The Coat is the perfect book to be selected for the CBCA short list in the Picture Book of the Year category because it is a picture book that will linger with you long after you finish reading it just as John Brown Rose and the midnight cat did all those year ago.
I am so happy that so many of the short listed books this year have made use of their end papers. Ron has included two scenes of the countryside in The Coat - one in sepia and the other in full colour. Perhaps this is a reflection of the life of the man - he lives his life in a small way, his self esteem is low, his life perhaps lacks colour, then he takes a journey with the coat and his life is transformed. On the final end paper we see a mirror image of the same scene but this time it is in full colour. The leaves on the trees almost seem to shine.
This same theme is used through the book with the colours added as the story progresses.
The coat needs the man to set him free. The man needs to coat to reach his full potential and by the end of the book the coat and the man are equal partners moving onward through the journey of life.
I love one of the tiny details in this book. Julie Hunt writes "the man blinked and stared. He noticed it was the sort of coat someone important would wear. It had a velvet collar and a buttonhole that looked as if it was waiting for a flower." Ron Brooks includes this flower on the last page (and on the front cover). "Where are you going?' the doorman asked. 'When will you be back?' 'Who knows,' said the man. 'Who knows,' said the coat. And they strode off into the night."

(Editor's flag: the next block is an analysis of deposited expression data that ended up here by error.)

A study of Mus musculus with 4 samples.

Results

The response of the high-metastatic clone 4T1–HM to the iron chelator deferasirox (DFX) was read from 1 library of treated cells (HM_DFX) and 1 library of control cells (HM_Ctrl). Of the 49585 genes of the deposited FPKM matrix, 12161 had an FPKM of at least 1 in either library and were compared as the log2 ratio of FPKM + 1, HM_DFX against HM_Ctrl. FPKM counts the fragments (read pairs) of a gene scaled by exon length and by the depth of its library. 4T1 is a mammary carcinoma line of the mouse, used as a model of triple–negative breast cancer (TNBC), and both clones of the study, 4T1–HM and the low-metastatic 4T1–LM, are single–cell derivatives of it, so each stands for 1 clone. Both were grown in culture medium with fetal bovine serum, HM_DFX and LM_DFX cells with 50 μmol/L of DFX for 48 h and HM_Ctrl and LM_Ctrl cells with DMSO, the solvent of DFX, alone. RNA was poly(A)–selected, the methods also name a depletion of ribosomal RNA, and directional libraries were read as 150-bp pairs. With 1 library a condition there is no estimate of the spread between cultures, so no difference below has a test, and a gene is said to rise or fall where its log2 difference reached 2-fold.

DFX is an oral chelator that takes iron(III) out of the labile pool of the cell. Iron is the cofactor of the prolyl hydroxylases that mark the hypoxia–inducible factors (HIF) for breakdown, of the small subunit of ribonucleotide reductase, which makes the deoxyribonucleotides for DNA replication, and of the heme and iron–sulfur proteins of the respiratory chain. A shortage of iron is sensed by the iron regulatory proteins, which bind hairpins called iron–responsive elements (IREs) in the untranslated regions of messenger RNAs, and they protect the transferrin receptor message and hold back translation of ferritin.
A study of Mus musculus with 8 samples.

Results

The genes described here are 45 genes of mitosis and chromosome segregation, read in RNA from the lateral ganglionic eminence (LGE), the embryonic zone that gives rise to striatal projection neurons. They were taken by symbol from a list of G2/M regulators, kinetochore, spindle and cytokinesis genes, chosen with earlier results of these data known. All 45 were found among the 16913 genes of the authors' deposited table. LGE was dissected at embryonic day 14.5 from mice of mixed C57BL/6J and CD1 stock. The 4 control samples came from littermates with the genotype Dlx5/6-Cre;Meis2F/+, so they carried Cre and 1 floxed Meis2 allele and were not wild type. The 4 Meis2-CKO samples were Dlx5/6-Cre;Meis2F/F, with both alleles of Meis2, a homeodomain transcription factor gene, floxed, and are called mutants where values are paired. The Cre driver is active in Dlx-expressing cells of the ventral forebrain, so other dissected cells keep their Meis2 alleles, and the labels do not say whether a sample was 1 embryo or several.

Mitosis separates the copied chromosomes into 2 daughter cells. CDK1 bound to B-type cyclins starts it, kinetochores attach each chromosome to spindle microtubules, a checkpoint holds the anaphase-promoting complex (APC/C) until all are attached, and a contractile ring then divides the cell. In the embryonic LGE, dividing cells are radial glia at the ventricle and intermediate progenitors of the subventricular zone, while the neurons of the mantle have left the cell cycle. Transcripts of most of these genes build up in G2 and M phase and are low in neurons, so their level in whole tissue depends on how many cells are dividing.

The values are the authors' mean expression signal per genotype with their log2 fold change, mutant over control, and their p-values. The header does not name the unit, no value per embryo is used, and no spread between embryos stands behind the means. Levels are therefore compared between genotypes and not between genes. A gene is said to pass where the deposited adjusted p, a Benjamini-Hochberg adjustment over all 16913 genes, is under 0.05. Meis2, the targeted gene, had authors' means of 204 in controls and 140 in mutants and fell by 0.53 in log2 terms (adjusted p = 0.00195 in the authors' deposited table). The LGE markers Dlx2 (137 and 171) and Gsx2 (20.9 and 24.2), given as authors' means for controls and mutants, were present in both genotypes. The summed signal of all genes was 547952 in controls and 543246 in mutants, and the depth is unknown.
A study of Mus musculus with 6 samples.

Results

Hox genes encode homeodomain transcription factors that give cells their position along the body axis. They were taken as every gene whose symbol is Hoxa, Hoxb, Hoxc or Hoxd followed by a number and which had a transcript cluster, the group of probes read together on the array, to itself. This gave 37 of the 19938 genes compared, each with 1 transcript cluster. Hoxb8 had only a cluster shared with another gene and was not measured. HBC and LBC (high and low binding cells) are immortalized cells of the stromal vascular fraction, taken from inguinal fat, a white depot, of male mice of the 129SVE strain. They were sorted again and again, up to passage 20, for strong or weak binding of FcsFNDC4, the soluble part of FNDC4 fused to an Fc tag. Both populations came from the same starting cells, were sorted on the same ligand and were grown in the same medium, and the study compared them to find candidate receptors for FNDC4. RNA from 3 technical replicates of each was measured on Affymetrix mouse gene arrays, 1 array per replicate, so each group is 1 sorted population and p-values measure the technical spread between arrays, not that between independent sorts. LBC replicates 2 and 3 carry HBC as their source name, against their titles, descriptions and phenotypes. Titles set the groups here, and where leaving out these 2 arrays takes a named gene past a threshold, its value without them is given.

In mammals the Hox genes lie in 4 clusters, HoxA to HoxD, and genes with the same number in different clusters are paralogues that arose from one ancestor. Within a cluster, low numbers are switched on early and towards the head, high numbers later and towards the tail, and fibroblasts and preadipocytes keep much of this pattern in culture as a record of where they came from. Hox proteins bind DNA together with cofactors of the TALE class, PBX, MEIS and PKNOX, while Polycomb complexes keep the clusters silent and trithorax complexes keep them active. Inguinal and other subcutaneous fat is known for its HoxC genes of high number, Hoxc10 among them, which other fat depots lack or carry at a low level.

I am not an art scholar but here are a number of reviews many of which explain the artist and painting references used by Ron Brooks.
When we read this book over the next few weeks in our school library I plan to also share a very early book written by Ron Brooks called Timothy and Gramps. It might be interesting to compare these two books. It would be good to look at another early book too The Pochetto Coat by Ted Greenwood which is also illustrated by Ron Brooks but sadly I no longer have this book in my school library.
One final thing. I was once lucky enough to hear Ron Brooks speak at the CBC Conference in Hobart and he explained that the font for Fox was very important to him and he struggled for a long time to get this right. The final 'font' was inspired by his son's simple handwriting. In The Coat Ron has used Callie Hand - which is a font that looks like neat and even handwriting with a slightly old fashioned feel. One thing is certain every single detail in these illustrations and in the book design has been very carefully thought through. My favourite page is the one where the man pulls out the straw and the creatures and puts the coat on. "It was much too big but he felt like he might grow into it." This is the heart of The Coat.